One of the Oneicity team’s young guns sent me this nonprofit version of The Distracted Boyfriend meme he’d created. He called it the Distracted Donor. I laughed out loud. We were in the middle of a multi-day trip and client meeting. I was tired and a wee bit stressed. The laugh felt good. I showed his “Distracted Donor” meme to Hoots to share the laugh. She looked at it and said, “I don’t get it.”
“It’s the nonprofit version of “The Distracted Boyfriend.” I said.
“You know the ‘Distracted Boyfriend’ meme. . . “ No recognition. I plowed on. “It’s everywhere. . . you’ve seen it. It says what I was talking about this morning in the meeting. You know, how you have to stay in front of your donors with your message.” She looked at me like I was speaking Latin. “You’re on Facebook and Instagram,” I said trailing off. “You’ve seen it” I tried, losing steam as I went. “It’s a meme.” I’m sorry to admit I really said that again as if I hadn’t already mentioned “meme” 17 times in this two-minute long conversation.
She ended the conversation with, “I’ve never seen it.”
And moderately disturbing.
Later that next morning our team was having coffee and getting ready to load up for that day’s meetings. I remembered the meme and showed it to one of the other Oneicity team. She’s young, digitally savvy, culturally aware and would redeem my disconnected moment with Hoots.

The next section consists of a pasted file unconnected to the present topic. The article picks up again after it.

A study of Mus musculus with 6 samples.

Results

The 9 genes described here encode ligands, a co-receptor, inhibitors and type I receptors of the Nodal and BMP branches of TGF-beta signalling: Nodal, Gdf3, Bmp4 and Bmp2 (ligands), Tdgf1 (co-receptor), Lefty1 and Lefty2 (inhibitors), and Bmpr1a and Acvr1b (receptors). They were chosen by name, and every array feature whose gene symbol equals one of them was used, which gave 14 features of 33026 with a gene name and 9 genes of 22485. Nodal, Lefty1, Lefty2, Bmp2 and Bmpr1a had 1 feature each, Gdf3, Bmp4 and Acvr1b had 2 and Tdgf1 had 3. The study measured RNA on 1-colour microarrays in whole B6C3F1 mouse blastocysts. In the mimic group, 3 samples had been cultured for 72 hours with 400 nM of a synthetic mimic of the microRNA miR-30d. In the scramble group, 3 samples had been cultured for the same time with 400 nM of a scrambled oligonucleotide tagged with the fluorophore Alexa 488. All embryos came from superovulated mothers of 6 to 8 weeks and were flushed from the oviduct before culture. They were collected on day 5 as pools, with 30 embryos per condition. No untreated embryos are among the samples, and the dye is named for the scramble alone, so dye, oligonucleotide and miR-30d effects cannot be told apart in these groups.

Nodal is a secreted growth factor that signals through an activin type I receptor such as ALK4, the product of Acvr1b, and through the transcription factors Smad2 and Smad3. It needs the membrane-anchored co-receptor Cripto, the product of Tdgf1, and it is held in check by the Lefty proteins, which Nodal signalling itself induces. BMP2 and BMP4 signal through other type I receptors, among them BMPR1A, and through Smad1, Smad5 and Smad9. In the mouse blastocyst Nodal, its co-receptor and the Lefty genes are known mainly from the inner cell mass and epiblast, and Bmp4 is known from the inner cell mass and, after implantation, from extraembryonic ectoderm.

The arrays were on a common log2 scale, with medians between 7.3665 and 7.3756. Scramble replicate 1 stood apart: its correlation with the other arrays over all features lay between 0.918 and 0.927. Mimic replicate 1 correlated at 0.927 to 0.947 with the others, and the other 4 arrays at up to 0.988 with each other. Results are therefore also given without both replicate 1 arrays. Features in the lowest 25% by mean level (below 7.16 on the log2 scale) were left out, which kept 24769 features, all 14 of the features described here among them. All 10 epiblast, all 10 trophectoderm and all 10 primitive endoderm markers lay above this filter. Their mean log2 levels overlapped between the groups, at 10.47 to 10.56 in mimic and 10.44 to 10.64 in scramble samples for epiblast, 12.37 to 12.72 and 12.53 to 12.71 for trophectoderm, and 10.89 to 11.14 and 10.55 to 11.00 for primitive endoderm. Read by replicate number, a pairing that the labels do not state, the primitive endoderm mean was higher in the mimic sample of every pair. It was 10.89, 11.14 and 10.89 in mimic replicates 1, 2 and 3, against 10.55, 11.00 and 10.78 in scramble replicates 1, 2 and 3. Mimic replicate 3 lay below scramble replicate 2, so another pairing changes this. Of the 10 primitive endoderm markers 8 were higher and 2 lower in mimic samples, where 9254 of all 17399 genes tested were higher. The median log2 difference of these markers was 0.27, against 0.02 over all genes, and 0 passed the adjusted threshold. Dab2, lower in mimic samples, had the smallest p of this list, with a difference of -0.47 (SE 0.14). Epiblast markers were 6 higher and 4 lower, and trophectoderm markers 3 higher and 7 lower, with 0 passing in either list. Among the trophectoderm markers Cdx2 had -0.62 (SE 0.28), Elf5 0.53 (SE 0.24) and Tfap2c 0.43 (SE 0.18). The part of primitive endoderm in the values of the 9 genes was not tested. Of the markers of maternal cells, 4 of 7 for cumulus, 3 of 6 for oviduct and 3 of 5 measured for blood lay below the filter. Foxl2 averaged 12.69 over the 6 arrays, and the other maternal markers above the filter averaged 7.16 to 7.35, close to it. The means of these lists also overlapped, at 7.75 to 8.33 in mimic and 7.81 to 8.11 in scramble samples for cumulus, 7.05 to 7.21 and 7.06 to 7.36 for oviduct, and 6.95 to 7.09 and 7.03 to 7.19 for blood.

“Look at this,” I said launching into my pitch with inordinate pride. “Remember when we were talking about having to keep our message in front of donors?” I showed her Distracted Donor. “Isn’t that hilarious?” I had learned from my previous attempt to connect this awesome meme with my audience. The setup would help.
Long pause as she studied the meme.
“I don’t get it.” She said.
And in that moment I had a chilling realization. I was making a mistake I caution clients to avoid. I assumed that because something was familiar, impactful or logical to me, it would be to everyone else.
It’s one way smart people make dumb mistakes.
It’s why good leaders kill direct mail even though it’s working.
It’s why leaders convince themselves that all of their donors are just like them.
And it’s why I thought everyone would find the meme hilarious and insightful. And I was wrong.
I was reminded, again, that I’m not everyone.
And you’re not either.
You could label this mistake a variety of ways. You’ll know it as one of the Cognitive Biases. It’s fits neatly as Confirmation Bias. And it’s as deadly as the other cognitive biases to good decision making. And, sadly, I was totally unaware of my moment of Confirmation Bias.
Learn from me. Just because you don’t like something, doesn’t mean it’s a bad idea. And just because you’re sure everyone’s heard of it. . . (well you know how it goes).
Be careful with your certainty that you know your audience. It’s one of the reasons it’s important to have someone on the outside looking in.
Oh, I’m still right about the need to keep your message in front of your donors. In our world of saturated media (traditional media and social media), it’s more important than ever that you ignore any of those voices who tell you otherwise.
Feel free to email me your tales of Confirmation Bias. Or email me with how hilarious you think the Distracted Donor is (if you’ve never heard of it, I don’t need to know).
I’m grateful to share the journey with you.